Four years ago, Robyn Doolittle wrote a series for the Globe and Mail called Unfounded. That word is stamped on sexual assault cases closed by police for lack of evidence.
After a 20-month investigation, Doolittle found that one in five reported cases were dismissed this way. Not surprisingly, a large number of them involved Indigenous women and prostitutes. Doolittle’s series created panic in police forces across the land who reviewed 37,272 cases, causing 400 to be reopened, including 23 cases in the Canadian Armed Forces.
Doolittle’s work was exhaustive and consequential. Today, we are more skeptical when a police force says claims by powerless women of sexual assault are unfounded.
So what are we to make of Robyn Doolittle’s latest investigative coup de grâce that started two and a half years ago and burst forth in Saturday’s Globe and Mail as The Power Gap?
As she wrote: “In an unprecedented analysis of hundreds of public sector salary records, The Globe has found that women continue to be outnumbered, outranked and out-earned by men not just at the very top, but on the way to the top and in the middle.”
Since nothing – pay equity, Charter rights, vast shifts in public opinion – has created equality for women in the workplace at any level, let’s hope Doolittle’s piece will do for them what Unfounded did for women who told police they’d been sexually assaulted.
While Unfounded was about a few thousand women, The Power Gap is about many millions of them. Most of the women in Unfounded were powerless. Many women in The Power Gap are powerful, if only because their salaries are above $100,000 a year and are posted publicly. Unfounded concerns physical violence and even murder. The Power Gap concerns opportunity, lifestyle and equity.
Sadly, I don’t think much will change.
Sure, we’ll all gaze in familiar shock at the charts that show a steady strangulation of opportunity for women the higher they rise in their careers. Some of us will say it’s just a matter of time. Yet the gender balance at the University of Toronto Medical School has been 60-40 in favour of women med students for many years now and has had absolutely no effect on the number of women running our hospitals and health care systems.
Or how about senior women architects? Or any senior Black or BIPOC women architects? At all? Anywhere? Please raise your hand.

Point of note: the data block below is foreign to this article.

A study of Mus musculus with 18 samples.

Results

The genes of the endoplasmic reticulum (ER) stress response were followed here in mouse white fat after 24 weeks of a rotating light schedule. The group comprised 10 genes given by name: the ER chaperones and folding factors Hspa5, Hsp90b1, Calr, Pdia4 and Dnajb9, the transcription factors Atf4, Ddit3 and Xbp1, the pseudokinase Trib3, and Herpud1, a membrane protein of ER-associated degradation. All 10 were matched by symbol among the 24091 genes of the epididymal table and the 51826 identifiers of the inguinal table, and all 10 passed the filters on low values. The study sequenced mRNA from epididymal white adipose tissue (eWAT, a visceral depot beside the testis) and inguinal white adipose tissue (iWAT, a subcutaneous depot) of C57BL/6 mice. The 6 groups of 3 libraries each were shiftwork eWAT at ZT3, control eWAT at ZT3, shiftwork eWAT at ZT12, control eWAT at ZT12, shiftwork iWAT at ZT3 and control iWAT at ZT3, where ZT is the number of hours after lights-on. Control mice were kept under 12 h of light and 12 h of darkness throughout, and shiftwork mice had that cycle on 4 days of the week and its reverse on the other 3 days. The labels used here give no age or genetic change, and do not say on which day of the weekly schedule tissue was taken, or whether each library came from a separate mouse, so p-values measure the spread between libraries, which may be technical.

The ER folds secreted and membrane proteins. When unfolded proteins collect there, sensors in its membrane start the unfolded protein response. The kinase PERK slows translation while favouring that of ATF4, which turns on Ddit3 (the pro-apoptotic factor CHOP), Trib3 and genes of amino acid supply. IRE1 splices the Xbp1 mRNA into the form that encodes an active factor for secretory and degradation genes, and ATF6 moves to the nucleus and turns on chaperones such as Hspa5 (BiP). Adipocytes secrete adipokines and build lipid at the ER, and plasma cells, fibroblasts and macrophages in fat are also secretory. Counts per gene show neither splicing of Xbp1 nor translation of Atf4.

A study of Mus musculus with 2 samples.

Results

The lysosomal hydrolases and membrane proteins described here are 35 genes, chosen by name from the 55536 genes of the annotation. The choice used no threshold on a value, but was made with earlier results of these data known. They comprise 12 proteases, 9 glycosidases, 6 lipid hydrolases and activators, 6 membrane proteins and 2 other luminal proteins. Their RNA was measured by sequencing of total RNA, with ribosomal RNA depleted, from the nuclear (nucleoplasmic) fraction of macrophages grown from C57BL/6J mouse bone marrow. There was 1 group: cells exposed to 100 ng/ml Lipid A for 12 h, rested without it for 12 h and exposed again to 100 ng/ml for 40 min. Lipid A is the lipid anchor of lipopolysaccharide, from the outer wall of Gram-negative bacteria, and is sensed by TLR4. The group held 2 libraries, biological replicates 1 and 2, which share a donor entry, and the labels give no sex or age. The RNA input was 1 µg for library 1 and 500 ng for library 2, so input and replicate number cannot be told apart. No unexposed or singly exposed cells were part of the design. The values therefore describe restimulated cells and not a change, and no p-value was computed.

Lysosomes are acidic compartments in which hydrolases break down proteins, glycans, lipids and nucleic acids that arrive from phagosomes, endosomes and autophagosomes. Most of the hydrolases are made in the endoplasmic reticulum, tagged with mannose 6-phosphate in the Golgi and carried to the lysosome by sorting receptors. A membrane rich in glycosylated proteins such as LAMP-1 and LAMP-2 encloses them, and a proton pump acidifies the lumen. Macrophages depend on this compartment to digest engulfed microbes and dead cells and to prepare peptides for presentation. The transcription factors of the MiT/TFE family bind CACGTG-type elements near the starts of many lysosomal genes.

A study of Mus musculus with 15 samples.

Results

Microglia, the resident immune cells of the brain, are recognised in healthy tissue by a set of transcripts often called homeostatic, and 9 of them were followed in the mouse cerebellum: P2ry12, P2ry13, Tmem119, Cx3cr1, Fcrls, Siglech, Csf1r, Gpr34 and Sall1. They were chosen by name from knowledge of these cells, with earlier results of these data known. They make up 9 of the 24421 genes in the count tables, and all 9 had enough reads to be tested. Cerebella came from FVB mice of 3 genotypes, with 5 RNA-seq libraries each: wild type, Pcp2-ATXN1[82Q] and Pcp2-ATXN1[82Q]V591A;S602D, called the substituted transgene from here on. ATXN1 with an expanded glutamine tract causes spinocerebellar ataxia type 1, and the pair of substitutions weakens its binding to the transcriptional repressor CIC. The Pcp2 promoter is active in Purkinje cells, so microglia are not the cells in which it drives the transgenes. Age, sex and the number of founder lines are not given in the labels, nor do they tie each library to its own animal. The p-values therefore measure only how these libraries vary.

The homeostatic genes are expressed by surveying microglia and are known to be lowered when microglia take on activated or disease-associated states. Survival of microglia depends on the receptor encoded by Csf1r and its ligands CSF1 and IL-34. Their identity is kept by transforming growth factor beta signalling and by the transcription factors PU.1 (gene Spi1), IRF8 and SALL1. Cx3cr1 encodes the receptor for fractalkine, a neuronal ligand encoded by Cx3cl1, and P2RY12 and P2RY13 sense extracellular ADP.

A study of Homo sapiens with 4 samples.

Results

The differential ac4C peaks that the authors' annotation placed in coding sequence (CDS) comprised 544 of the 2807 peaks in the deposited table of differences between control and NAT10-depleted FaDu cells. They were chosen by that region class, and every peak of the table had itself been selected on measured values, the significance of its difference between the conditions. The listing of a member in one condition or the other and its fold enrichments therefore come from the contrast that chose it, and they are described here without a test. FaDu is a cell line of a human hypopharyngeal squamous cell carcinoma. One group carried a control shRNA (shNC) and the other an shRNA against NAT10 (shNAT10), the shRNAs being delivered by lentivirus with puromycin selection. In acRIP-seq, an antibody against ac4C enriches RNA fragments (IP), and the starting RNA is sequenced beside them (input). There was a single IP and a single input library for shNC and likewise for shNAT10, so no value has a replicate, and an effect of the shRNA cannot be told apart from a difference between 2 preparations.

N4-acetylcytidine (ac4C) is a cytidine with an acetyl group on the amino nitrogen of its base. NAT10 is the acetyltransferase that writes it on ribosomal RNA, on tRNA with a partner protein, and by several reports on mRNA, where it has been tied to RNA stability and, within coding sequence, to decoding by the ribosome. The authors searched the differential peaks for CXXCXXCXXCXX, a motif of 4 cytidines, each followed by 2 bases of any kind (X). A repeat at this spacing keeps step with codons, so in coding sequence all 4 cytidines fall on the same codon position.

I don’t think for a second that groups of men – board directors and C-suite leaders – meet over drinks and consciously and deliberately keep women out of power.
It just happens. But because the problem is complex, amorphous and largely in the hands of the people being asked to relinquish their power, this situation of institutionalized inequity will not change unless change is uncomfortable and forced from on high.
I have an idea.
Why not enforce quotas? Why not say that any management group of a public company, or a public institution like a university or a hospital with… …. oh, let’s pick a number – ….more than three members must have at least one woman?
God forbid, I’m not asking for equality for women here. I’m asking for half of half.
Actually, this isn’t my idea. It belongs to Germany’s coalition government who, in December and after five years of failing to persuade German companies to promote more senior women beyond the existing level of 12.8 per cent, imposed gender quotas on the nation’s C-suites.
But aren’t quotas inherently unfair, even if they’re used to reset an unfair situation into balance? Yes, they are. But the next question should be: do quotas skew the ‘natural market’ more than the problem they’re trying to solve?
When it comes to the overwhelming and intransigent lack of fairness between the power and money that men hold versus the power and money that women hold, well, they’re not even in the same arena.
If anything, we Canadians are world-beaters when it comes to using quotas to shore up something that’s near and dear to us: our very identity as Canadians.
I wrote about this in an op-ed in the Globe soon after Germany took fairness into its own hands. “Aren’t quotas un-Canadian?” I asked. “Far from it. Quotas exist everywhere, from Canadian songs on the radio, to Canadian players in the CFL, to Canadian jobs building our new American fighter planes.”
So can we please open our minds to the possibility that something that seems to work at least tolerably in Canada and that people aren’t screaming is unfair and socialist and anti-talent, and see if it can work on a much bigger, much worse, much more deadening problem?